A mixture of poems and short fiction, Jean Toomer’s Cane has been called one of the three best novels ever written by Black Americans—the others being Richard Wright, author of Native Son, and Ralph Ellison, author of Invisible Man.
A. Black Americans—the others being Richard Wright, author of Native Son, and Ralph Ellison, author of Invisible Man
B. Black Americans—including Native Son by Richard Wright and Invisible Man by Ralph Ellison
C. a Black American—including Richard Wright, author of Native Son, and Ralph Ellison, author of Invisible Man
D. a Black American—the others being Richard Wright, author of Native Son, and Ralph Ellison, author of Invisible Man
E. a Black American—the others being Richard Wright’s Native Son and Ralph Ellison’s Invisible Man
In an attempt to produce premium oysters, a firm in Scotland has developed a prototype of a submersible oyster farm, sitting below the surface of the ocean, and it provides ideal conditions for the mollusks’ growth.
A. farm, sitting below the surface of the ocean, and it provides
B. farm, sitting below the surface of the ocean for providing
C. farm that sits below the surface of the ocean and providing
D. farm that sits below the surface of the ocean and provides
E. farm that is sitting below the surface of the ocean and it provides
Because of wireless service costs plummeting in the last year, and as mobile phones are increasingly common, many people now using their mobile phones to make calls across a wide region at night and on weekends, when numerous wireless companies provide unlimited airtime for a relatively small monthly fee.
A. Because of wireless service costs plummeting in the last year, and as mobile phones are increasingly common, many people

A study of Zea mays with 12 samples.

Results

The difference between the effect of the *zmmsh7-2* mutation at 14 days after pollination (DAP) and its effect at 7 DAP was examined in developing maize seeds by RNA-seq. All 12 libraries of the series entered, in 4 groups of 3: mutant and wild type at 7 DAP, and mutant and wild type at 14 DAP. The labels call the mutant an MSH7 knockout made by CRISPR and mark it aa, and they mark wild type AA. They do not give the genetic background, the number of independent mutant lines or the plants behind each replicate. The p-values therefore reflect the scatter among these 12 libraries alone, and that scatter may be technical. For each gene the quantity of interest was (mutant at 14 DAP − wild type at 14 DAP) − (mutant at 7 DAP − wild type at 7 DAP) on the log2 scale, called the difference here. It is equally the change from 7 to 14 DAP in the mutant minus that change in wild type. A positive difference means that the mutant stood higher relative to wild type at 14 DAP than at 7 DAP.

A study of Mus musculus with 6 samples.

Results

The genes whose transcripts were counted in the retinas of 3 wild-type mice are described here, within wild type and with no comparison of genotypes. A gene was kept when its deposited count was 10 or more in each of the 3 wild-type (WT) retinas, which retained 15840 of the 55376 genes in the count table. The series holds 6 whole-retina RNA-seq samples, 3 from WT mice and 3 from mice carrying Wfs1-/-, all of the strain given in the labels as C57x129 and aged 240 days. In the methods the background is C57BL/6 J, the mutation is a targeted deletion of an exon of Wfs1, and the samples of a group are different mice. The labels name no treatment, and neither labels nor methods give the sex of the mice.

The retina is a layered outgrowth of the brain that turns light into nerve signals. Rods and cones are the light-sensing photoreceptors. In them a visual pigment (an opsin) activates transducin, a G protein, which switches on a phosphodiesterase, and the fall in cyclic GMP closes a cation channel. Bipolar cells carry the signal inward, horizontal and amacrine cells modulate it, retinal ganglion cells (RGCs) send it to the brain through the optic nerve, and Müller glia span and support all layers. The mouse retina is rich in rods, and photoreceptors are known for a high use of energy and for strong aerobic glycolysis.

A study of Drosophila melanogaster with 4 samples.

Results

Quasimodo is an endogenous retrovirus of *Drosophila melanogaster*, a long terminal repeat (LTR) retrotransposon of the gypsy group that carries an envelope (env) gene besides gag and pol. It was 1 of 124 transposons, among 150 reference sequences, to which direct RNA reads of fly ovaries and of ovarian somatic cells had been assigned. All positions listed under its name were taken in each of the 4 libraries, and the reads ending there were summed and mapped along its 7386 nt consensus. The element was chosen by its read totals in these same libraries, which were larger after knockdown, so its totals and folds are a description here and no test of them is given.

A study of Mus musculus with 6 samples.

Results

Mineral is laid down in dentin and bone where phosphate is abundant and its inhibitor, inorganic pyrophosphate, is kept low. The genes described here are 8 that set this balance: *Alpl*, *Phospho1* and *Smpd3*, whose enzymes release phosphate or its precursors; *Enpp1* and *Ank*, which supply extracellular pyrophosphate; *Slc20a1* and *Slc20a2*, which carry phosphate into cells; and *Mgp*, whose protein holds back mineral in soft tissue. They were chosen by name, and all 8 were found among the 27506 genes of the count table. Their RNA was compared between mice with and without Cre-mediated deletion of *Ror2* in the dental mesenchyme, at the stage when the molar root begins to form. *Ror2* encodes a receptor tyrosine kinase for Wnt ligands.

B. As the cost of wireless service plummeted in the last year and as mobile phones became increasingly common, many people
C. In the last year, with the cost of wireless service plummeting, and mobile phones have become increasingly common, there are many people
D. With the cost of wireless service plummeting in the last year and mobile phones becoming increasingly common, many people are
E. While the cost of wireless service has plummeted in the last year and mobile phones are increasingly common, many people are
By the sixteenth century, the Incas of South America ruled an empire that extended along the Pacific coast and Andean highlands from what is now Ecuador to central Chile. While most of the Incas were self-sufficient agriculturists, the inhabitants of the highland basins above 9,000 feet were constrained by the kinds of crops they could cultivate. Whereas 95 percent of the principal Andean food crops can be cultivated below 3,000 feet, only 20 percent reproduce readily above 9,000 feet. Given this unequal resource distribution, highland Incas needed access to the products of lower, warmer climatic zones in order to enlarge the variety and quantity of their foodstuffs. In most of the preindustrial world, the problem of different resource distribution was resolved by long-distance trade networks over which the end consumer exercised little control. Although the peoples of the Andean highlands participated in such networks, they relied primarily on the maintenance of autonomous production forces in as many ecological zones as possible. The commodities produced in these zones were extracted, processed, and transported entirely by members of a single group.
This strategy of direct access to a maximum number of ecological zones by a single group is called vertical economy. Even today, one can see Andean communities maintaining use rights simultaneously to pasturelands above 12,000 feet, to potato fields in basins over 9,000 feet, and to plots of warm-land crops in regions below 6,000 feet. This strategy has two principal variations. The first is “compressed verticality,” in which a single village resides in a location that permits easy access to closely located ecological zones. Different crop zones or pasturelands are located within a few days walk of the parent community. Community members may reside temporarily in one of the lower zones to manage the extraction of products unavailable in the homeland. In the second variation, called the “vertical archipelago,” the village exploits resources in widely dispersed locations, constituting a series of independent production “islands.” In certain pre-Columbian Inca societies, groups were sent from the home territory to establish permanent satellite communities or colonies in distant tropical forests or coastal locations. There the colonists grew crops and extracted products for their own use and for transshipment back to their high-altitude compatriots. In contrast to the compressed verticality system, in this system, commodities rather than people circulated through the archipelago.